Gluten-free Lemon Passover Cupcakes with Blackberry Jam and Lemon Glaze

This cake is not just for Passover, friends. And it's not even just for the Jews. I'm convinced that this is one that everyone will like.

Eating Jewish: Charoset medley

Although most, if not all, Jewish holiday meals use certain foods and dishes to symbolize various elements of the celebration, the seder meal does so in a way that is integral to the ritual of the meal itself. From the maror to the zeroah, each has its place in the structure of the seder. Of all these symbolic foods, charoset is definitely my favorite and I have to agree with Gil Marks when he says in the Encyclopedia of Jewish Food that it “is unquestionably the most flavorful and arguably everyone’s favorite of the seder foods.”

A Fifth Question for Passover

The Passover Seder offers an opportunity to remember more than just the exodus from Egypt and our desert wanderings.

Why Rachel Berry deserves our compassion

Recently in The Forward, Jay Michaelson compared four characters from “Glee” to the “Four Children” from the Passover seder tradition. What I loved about the piece was Michaelson’s point that for young Jews, Jewish identity is one variable in a multi-variable identity that youth will embrace, when and if they find it meaningful. What bothered me about the piece was the language Michaelson used describing Rachel Berry, the analogous “Wise Child,” as an “irritating control freak” and “intolerable.” It was particularly difficult to read this because, well, I used to be Rachel Berry.

Why, on this night, do we include women's voices?

In collaboration with JewishBoston.com, JWA are putting the finishing touches on a new Haggadah that highlights women's voices. (Keep an eye out for it next week.) As we've been thinking about seders and traditions and the different ways we could include women's voices in the Haggadah we're creating, I wanted to hear more from you about your traditions and how you include women's voices.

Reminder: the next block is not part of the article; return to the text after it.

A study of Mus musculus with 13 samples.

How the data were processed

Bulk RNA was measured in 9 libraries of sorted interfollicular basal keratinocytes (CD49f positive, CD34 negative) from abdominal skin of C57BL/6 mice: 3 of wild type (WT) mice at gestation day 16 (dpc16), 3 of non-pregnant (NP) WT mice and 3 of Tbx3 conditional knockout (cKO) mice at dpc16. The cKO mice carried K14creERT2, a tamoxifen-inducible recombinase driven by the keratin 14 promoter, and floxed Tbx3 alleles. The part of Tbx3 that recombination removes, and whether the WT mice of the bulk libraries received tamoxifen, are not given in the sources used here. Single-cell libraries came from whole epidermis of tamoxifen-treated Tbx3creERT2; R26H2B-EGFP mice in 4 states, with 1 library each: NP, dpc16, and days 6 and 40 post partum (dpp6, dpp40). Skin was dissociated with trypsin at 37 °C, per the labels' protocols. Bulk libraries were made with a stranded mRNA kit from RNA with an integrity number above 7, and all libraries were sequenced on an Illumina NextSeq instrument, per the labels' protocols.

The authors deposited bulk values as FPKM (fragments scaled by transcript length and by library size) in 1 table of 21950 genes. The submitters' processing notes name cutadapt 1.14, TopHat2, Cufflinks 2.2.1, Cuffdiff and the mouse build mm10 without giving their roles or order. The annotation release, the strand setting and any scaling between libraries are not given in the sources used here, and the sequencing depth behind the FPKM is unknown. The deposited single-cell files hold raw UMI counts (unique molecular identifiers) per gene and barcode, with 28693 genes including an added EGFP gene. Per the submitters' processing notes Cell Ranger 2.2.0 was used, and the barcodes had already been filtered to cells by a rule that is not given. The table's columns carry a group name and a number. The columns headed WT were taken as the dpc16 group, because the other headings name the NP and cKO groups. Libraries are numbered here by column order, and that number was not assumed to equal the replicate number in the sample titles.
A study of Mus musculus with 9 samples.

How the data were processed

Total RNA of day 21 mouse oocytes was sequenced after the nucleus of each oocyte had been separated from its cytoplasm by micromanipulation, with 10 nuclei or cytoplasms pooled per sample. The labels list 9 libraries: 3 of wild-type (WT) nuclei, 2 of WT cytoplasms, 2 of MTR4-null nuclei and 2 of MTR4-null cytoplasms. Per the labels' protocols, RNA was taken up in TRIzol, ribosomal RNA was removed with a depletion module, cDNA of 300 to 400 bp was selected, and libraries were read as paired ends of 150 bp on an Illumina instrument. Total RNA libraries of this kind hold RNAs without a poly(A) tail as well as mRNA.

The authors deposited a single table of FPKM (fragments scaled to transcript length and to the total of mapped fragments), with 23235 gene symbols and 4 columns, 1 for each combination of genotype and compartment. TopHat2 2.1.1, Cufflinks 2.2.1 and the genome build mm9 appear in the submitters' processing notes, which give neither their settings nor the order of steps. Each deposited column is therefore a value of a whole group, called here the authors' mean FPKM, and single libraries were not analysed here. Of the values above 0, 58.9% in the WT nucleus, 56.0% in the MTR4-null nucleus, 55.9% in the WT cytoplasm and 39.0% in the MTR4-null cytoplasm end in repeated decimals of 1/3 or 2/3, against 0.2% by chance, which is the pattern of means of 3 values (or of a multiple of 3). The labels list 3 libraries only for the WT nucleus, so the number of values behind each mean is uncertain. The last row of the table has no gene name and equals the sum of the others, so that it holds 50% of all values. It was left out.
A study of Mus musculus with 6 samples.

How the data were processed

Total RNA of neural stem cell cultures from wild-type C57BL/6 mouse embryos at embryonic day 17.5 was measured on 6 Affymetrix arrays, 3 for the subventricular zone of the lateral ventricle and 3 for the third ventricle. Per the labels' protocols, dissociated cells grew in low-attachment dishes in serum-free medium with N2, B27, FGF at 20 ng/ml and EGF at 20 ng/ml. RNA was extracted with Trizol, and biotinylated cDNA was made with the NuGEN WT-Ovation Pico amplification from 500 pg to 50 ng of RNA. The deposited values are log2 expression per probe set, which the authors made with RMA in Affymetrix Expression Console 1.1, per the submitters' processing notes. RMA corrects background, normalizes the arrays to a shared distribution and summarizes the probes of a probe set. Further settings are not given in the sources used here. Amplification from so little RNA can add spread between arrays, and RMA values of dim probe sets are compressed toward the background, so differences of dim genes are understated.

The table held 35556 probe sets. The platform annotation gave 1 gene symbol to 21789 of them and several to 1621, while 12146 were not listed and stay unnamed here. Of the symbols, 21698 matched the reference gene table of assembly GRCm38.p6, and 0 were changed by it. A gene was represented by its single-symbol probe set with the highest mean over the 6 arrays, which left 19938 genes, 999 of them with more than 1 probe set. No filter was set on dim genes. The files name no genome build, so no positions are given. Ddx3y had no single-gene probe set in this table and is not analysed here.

Miriam and the Passover Story

I'm sure I'm not alone when I say that Passover is my favorite holiday.

Eating Jewish: Moroccan chicken with olives and lemons

My inspiration for the dishes I write about on Eating Jewish come from a variety of places that range from the numerous cookbooks that I have around my apartment, articles concerning Jewish food in newspapers and magazines, or simply the ingredients that I happen to have on hand at the moment. However, for this dish my inspiration came from my own academic work concerning the Moroccan Jewish community of Montreal.

Eating Jewish: Coconut Jam

Nothing says summer to me like coconut; whatever form it comes in, its taste and smell evoke a beautiful summer day with the warmth of the summer sun on my skin (it also reminds me of a coconut suntan lotion I loved the smell of as a kid and which happens to be my first memory of its smell) Needless to say, I have always loved coconut and I will eat it in almost any dish, whether it is sweet or savory.

Extreme Passover Link Roundup 2010

Back to basics:

Bringing women to the table:

What's in an Orange?

As I prepare for Passover, I’ve been struck by the wide range of explanations given for why some Jews include an orange on a Seder plate.

Pages

How to cite this page

Jewish Women's Archive. "Passover." (Viewed on March 31, 2015) <http://jwa.org/blog/passover>.